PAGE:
ISSN 2330-717X

North Korea: 60% Live In Absolute Poverty, Higher Than Ever Thought


According to Jesus Crespo Cuaresma, Professor of Macroeconomics, the share of people living in absolute poverty in North Korea in 2018 can be estimated at around 60% of the population, which equates to roughly 15 million people. GDP per capita is estimated to be around $790, an income level that would be among the lowest in the world.

Absolute poverty is when household income is below a certain level, which makes it impossible for the person or family to meet basic needs of life including food, shelter, safe drinking water, education, healthcare, etc.

Despite there being virtually no existing information or data on North Korean income and poverty levels, Professor Crespo Cuaresma and his team have been able to establish estimates using satellite data. Harnessing data from innovative satellite imagery taken at night, Crespo Cuaresma was able to gauge the poverty levels of particular regions of North Korea based on the amount of light each area emitted.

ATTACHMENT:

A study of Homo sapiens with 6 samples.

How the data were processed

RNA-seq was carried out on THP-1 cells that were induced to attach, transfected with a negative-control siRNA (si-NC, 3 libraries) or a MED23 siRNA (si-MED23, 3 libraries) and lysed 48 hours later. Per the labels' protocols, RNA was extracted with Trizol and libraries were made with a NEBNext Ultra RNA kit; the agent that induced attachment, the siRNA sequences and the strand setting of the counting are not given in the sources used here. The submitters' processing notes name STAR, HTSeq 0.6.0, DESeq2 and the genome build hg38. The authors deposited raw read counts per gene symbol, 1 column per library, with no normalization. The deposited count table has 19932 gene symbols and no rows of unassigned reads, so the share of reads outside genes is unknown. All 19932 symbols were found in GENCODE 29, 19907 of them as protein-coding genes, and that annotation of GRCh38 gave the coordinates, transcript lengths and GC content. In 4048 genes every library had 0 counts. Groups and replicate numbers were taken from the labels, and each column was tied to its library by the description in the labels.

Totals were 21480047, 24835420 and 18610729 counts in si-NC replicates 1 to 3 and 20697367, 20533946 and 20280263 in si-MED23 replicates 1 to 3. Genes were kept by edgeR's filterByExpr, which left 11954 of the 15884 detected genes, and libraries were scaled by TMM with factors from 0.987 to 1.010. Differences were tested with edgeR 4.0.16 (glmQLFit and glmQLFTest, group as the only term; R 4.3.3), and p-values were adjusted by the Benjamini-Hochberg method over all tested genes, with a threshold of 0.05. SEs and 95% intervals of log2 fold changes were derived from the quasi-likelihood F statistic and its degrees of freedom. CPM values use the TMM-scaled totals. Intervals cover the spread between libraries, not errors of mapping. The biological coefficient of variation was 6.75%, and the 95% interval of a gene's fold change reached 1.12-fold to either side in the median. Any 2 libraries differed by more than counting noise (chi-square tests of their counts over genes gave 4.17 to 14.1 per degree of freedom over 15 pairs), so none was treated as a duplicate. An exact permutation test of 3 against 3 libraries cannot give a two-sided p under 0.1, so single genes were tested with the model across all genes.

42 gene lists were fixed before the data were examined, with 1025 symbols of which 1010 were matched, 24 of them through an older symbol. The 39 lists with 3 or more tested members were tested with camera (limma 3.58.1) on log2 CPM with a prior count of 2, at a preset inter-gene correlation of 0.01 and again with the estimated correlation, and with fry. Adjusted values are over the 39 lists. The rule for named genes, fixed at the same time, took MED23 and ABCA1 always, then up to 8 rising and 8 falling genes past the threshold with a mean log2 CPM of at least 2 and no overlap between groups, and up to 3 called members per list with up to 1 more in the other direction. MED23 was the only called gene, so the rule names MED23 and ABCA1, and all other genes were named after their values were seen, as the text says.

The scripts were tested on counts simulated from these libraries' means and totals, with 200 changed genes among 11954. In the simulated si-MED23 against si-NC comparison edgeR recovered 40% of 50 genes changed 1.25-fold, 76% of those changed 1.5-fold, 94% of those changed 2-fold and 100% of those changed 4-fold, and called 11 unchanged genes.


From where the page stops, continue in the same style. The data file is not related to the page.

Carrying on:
Nightlight satellite data can be used in this way to estimate income at a detailed level as the brightness of an area often correlates with consumption and production activities.

Combining nightlight data with estimates of North Korean GDP, the researchers were able to estimate that poverty levels were significantly higher than previous estimations which suggested the share of people living below the poverty line to be closer to 40% of the population.

According to Professor Crespo Cuaresma: “The availability of data from high-quality satellite imagery creates avenues for research into the income and poverty levels of countries and regions whose economy we would otherwise have very little data on. With this technology we have been able to estimate the poverty levels in North Korea, revealing significantly lower levels of income, and drastically higher levels of poverty, than previously thought. According to our estimates, income levels in North Korea have experienced strong shocks over the last decade. The sanctions imposed by countries and international bodies against North Korea in recent years may explain some of the changes in income and poverty levels observed.”